Team Sky's Welsh rider lost more than 5 minutes after coming down when rider in front hit parked police motorbike...

Geraint Thomas says the crash towards the end of today’s Stage 9 that saw him plummet from second to 17th in the overall standings at the 100th Giro d’Italia was “ridiculous” and "shouldn’t happen."

The overall contenders and their key support riders were racing for position ahead of the climb of the Blockhaus, the group spread out across the road, when a rider in front of Thomas hit a police motorcycle that was parked at the roadside.

Thomas and Team Sky co-leader Mikel Landa were among the riders to come down, as was Orica-Scott’s Adam Yates and Wilco Kelderman of Sunweb – the latter already confirmed as having had to abandon the race.

Following the stage, Thomas – showing remarkable composure, given the circumstances – said: “That’s ridiculous, that shouldn’t happen.

“We were all racing for the bottom of the climb then next thing I know, someone in front of me hits the motorbike and you go down.

“My shoulder, it popped out as well,” added the Welsh rider.

“I felt good but then I crashed and that was it, race over. It’s really disappointing.”

“The motorbike shouldn’t have been there, frankly, I think we all see that,” said Team Sky principal Sir Dave Brailsford after the stage.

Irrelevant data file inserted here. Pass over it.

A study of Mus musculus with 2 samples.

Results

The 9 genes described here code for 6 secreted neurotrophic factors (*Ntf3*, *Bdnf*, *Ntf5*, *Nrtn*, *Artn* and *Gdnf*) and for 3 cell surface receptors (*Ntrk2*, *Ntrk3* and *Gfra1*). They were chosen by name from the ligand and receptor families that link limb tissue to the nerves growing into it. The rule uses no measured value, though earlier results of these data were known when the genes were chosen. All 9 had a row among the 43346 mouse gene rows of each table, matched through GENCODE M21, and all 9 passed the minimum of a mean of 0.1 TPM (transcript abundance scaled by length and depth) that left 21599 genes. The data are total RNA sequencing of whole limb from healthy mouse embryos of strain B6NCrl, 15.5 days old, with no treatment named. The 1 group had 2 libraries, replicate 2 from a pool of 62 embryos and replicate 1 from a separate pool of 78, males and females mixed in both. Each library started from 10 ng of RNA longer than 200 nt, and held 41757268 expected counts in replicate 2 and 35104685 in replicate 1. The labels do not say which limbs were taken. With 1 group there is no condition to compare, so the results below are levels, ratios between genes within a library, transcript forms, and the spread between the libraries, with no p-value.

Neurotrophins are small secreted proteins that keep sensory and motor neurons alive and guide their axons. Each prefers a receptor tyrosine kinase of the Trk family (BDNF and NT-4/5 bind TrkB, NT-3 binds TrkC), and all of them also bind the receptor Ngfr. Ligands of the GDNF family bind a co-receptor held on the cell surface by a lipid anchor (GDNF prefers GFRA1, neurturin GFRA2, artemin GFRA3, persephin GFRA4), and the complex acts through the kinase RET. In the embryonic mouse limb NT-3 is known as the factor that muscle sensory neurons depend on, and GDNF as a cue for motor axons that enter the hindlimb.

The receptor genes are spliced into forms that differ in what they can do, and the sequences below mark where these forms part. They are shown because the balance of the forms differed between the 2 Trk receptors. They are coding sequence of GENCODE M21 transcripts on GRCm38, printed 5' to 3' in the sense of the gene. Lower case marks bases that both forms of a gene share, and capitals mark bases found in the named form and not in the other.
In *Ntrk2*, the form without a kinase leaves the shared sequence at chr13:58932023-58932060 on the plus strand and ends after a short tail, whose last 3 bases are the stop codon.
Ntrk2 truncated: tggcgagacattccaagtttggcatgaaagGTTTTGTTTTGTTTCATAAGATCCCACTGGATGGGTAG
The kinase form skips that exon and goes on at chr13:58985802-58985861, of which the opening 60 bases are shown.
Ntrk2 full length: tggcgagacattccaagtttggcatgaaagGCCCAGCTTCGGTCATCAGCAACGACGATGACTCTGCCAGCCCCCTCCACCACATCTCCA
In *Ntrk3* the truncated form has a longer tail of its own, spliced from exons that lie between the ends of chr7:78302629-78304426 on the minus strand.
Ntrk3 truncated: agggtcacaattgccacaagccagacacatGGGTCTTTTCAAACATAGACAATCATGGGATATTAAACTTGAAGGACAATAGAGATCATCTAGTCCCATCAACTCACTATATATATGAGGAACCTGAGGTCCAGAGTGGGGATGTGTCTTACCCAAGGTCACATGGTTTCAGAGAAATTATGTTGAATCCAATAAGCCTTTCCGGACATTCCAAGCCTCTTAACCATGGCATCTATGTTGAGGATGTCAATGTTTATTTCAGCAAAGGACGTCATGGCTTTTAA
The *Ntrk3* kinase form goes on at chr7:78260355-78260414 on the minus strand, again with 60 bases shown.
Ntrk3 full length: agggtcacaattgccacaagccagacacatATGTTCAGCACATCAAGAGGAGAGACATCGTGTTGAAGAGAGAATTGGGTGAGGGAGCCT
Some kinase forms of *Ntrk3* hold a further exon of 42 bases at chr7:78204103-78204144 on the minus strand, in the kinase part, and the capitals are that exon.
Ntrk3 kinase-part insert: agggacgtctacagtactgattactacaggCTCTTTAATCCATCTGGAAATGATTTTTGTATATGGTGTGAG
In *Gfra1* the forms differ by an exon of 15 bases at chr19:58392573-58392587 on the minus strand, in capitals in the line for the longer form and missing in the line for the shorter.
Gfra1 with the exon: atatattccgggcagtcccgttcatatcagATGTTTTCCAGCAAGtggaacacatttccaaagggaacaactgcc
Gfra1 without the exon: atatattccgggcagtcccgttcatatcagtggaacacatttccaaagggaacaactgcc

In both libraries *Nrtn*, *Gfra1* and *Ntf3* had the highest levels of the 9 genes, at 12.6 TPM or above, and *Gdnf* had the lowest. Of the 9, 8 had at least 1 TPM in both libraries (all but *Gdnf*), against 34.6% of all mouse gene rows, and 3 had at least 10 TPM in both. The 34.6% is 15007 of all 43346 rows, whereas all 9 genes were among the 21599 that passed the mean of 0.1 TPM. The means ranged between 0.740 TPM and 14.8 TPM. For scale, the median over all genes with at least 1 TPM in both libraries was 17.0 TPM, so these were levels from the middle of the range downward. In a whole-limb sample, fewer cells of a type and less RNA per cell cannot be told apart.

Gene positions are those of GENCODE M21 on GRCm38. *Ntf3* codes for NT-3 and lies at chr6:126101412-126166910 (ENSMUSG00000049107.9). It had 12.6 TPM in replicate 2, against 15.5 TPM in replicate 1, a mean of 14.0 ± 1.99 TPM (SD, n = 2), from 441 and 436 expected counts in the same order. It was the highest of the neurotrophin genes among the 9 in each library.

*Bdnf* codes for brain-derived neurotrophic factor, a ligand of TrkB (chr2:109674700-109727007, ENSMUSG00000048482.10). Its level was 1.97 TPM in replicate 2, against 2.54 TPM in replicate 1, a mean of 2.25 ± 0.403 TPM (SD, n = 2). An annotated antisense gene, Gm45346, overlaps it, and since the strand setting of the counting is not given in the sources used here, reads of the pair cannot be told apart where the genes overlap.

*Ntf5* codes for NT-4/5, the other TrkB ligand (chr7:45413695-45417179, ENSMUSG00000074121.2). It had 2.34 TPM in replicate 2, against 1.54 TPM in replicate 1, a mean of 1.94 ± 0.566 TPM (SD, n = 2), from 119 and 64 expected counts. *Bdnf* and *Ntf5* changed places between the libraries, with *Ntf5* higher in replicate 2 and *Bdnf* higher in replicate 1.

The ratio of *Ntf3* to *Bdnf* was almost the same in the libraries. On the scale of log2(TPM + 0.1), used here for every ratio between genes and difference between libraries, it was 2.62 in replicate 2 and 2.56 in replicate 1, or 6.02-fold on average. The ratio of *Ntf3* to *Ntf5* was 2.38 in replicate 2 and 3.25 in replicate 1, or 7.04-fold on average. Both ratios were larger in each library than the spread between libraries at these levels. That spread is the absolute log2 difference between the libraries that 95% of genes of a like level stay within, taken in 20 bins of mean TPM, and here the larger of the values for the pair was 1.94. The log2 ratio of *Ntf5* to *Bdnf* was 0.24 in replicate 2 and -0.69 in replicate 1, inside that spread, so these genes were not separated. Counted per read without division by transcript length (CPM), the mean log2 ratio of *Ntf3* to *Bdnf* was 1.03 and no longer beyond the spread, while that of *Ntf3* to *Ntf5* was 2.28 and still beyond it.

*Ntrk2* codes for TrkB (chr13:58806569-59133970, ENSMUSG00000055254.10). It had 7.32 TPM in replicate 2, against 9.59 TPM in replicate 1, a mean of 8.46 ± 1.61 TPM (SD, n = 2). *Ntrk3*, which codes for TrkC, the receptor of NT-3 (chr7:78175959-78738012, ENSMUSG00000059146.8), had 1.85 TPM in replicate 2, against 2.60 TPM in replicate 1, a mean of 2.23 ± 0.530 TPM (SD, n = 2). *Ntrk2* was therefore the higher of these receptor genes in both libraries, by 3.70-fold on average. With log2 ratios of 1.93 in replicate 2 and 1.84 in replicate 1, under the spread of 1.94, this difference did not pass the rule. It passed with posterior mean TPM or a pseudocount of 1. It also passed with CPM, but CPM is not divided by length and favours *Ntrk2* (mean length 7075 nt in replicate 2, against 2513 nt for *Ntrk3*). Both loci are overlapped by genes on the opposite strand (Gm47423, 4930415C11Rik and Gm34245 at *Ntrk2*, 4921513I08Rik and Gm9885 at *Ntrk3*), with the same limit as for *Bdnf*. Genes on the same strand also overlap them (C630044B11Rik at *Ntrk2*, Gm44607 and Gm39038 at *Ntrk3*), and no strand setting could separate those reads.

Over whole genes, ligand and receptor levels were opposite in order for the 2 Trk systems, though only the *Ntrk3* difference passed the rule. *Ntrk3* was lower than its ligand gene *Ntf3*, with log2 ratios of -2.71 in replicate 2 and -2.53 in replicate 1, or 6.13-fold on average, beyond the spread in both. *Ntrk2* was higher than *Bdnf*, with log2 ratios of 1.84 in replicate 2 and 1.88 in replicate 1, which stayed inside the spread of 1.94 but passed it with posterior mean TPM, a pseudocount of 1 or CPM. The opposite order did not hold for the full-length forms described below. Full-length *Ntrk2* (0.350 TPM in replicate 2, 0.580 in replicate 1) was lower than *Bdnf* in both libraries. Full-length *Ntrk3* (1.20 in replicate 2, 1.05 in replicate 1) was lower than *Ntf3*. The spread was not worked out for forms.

“I’m sure the guy who was riding the motorbike sees that too and I’m not sure he’ll be feeling too great.

“But I do think we need to go back and have a look at it and ask the question, ‘Why did it happen?’ – but we fight on.”

Thomas lies 5 minutes 14 seconds behind new race leader and today's stage winner, Movistar's Nairo Quintana. Yates is one position ahead of Thomas on GC, but is now 4 minutes 49 seconds behind the Colombian.

Simon has been news editor at since 2009, reporting on 10 editions and counting of pro cycling’s biggest races such as the Tour de France, stories on issues including infrastructure and campaigning, and interviewing some of the biggest names in cycling. A law and languages graduate, published translator and former retail analyst, his background has proved invaluable in reporting on issues as diverse as cycling-related court cases, anti-doping investigations, and the bike industry. He splits his time between London and Cambridge, and loves taking his miniature schnauzer Elodie on adventures in the basket of her Elephant Bike.